Berry Gordy and Janie Bradford unwittingly wrote the Premier League theme tune. Were those in charge privvy to any sort of sense of humour, the Champions League ‘hymn’ would have a domestic rival, Barrett Strong belting out “Money, that’s what I want” before every game. Knowing the prediliction of football to ruin everything – or cock it up depending on your viewpoint – there would be some awful boy band version used instead on the basis that it was “hip with the kids“. It would suit everyone, not just players. Managers, directors, clubs; they all want it, almost to the exclusion of everything else. Fans would probably choose Joy Division’s “Heart and Soul” as a response.
And this morning money is all they want. Lots of it as well, earned and merited in some cases. Currently top of that list is Theo Walcott who is to be offered a new deal in the next couple of days that is worth anywhere between £85k and £115k per week depending on whose total you believe and which basis of calculation. Trying to work out the salaries of our heroes is a lot like attempting to fathom an APR; everyone will tell you there’s is the best but you just have to use their methodology to prove it. Something different and the result is turned on its head.
Theo will be hoping that his representatives are using the same as The Sun; the darlings of Wapping have come out with a figure which is about £1.5m higher than everyone else’s. Read the small print Theo, there’s always a catch in there somewhere. Of course you sit and read about £25m or whatever the total is and wonder does an additional 6% matter? I would hazard a guess that this is the case, updating Einstein’s calculation to E=Employer Over A Barrel. I was going to include MC to some sort of integer but quantifying the merits of the relative salaries of Marouane Chamakh and Theo Walcott is too complex a calculation for this hour of the day.
Whether it is enough to put ink in his pen is another matter. Walcott has not strayed from the line of wanting to stay at the club and must be credited with that PR line. Perhaps it is true, maybe he genuinely likes it but I will not be drawn into that with loyalty not a trait that one generally pins onto the modern footballer. He is however running out of options. And quickly. Wanting to be a centre forward was held as a primary aim, that has been met. Wanting to be well-paid? By any stretch of the imagination, this offer is that although in fairness, he may be able to earn more but shifting sands at this late stage will rapidly lose him support in this negotiation.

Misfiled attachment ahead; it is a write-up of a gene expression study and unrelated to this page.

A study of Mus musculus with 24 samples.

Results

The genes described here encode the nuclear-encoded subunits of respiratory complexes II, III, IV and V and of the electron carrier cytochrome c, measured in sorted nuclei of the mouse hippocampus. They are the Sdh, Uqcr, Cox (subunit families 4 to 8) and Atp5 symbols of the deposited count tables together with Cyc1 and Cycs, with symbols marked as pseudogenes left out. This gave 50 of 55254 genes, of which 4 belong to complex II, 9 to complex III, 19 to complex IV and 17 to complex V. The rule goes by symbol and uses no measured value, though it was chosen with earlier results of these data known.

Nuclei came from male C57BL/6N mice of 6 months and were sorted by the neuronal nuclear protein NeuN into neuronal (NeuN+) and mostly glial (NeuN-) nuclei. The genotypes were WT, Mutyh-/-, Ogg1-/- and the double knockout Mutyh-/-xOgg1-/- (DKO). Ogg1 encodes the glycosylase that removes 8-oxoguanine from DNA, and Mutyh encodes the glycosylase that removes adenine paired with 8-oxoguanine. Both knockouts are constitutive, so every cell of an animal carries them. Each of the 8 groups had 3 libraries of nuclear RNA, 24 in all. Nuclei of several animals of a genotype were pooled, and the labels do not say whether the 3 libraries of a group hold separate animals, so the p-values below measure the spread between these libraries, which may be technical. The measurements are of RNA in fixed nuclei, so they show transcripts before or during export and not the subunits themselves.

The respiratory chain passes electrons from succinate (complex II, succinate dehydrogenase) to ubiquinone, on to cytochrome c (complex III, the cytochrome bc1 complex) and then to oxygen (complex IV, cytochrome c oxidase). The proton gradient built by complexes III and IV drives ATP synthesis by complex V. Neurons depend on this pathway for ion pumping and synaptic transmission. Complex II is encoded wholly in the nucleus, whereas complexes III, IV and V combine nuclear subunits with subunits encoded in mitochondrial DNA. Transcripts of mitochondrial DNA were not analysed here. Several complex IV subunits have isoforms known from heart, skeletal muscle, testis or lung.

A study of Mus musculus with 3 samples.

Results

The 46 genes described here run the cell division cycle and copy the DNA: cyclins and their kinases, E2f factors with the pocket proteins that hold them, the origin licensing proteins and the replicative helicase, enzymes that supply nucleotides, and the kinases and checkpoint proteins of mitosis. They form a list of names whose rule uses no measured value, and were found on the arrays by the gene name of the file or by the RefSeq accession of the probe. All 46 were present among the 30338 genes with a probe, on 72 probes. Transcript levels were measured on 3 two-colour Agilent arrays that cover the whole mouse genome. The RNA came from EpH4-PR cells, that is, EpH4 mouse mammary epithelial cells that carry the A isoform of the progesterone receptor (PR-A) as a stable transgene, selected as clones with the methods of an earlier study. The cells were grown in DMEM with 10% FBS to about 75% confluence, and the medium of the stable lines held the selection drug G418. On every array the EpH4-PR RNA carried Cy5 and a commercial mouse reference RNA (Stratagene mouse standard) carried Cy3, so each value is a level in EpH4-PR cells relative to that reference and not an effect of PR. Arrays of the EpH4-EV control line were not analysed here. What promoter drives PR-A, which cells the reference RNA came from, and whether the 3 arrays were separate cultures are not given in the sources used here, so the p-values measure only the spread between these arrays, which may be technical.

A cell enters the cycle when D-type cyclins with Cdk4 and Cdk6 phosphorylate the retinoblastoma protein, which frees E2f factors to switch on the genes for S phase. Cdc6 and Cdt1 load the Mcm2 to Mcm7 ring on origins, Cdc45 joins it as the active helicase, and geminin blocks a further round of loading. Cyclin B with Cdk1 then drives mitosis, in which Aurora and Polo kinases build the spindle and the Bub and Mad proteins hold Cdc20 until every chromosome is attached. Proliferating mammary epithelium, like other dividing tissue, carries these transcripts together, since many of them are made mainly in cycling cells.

Arsenal are running out of options as well in that sense. Arsène is waiting in part for the outcome of negotiations before acting in the transfer window. Buying David Villa to augment the current squad makes more sense to me than as a replacement for Walcott. In that scenario, a different shopping list applies. And the money spent impacts on other areas of the squad which needs attention, presuming of course that Wenger believes it needs that much attention. Maybe they have applied the same medical technology that was available to Steve Austin in Abou Diaby’s case; he genuinely would be a new signing in that instance.
The club are probably mindful that Manchester City have returned 1,000 tickets for Sunday’s clash at The Emirates. In the great scheme of things, I am sure that will not materially deplete the coffers. It should please some though with no excuse being readily available should the club declare the attendance as any more than 59,034…
There is an irony in City being the club to publicly make this statement albeit via their supporters. The richest club in the land priced out from football. Not that this will appease supporters. Despite the inflated commercial deals in place, clubs continually drain supporters wallets at every opportunity. The pricing at Arsenal is a vexatious issue; home fans are overcharged for seats in Category A games; little wonder the club resorted to email marketing for ‘Family and Friends‘ ticketing for this match. Sky’s coverage is at the root of decisions not to attend – why bother when you can watch on television. Clubs cannot blame supporters for this choice when for an away game, the likelihood is that a day out will cost in excess of £150 for a fan to attend. It is bad enough when a run of the mill home game costs that for two, including travel.
In decades previous, there was regulation of ticket pricing with Arsenal resisted on a number of occasions when the club wanted to increases but the Football League resisted. In those years, a minimum ticket price was set but clubs rarely charged above it. This tied in with an era when Directors were forbidden from taking money out of clubs by Football Association rules. Those days are long gone and in tough economic times, the clubs are finding that the wallet is ruled by necessity rather than the heart.
Arsenal made a play of the cheaper ticketing available in Category C games. This is a small step but nowhere near enough when you consider the price of Category A games. Football is at a crossroads, unwilling to admit that it is a luxury item no matter how we like to kid ourselves it is a necessity. Whether the reality is ever acknowledged by the club is another matter. The toughest economic times may be over but many of the harshest decisions come when the road to recovery is travelled.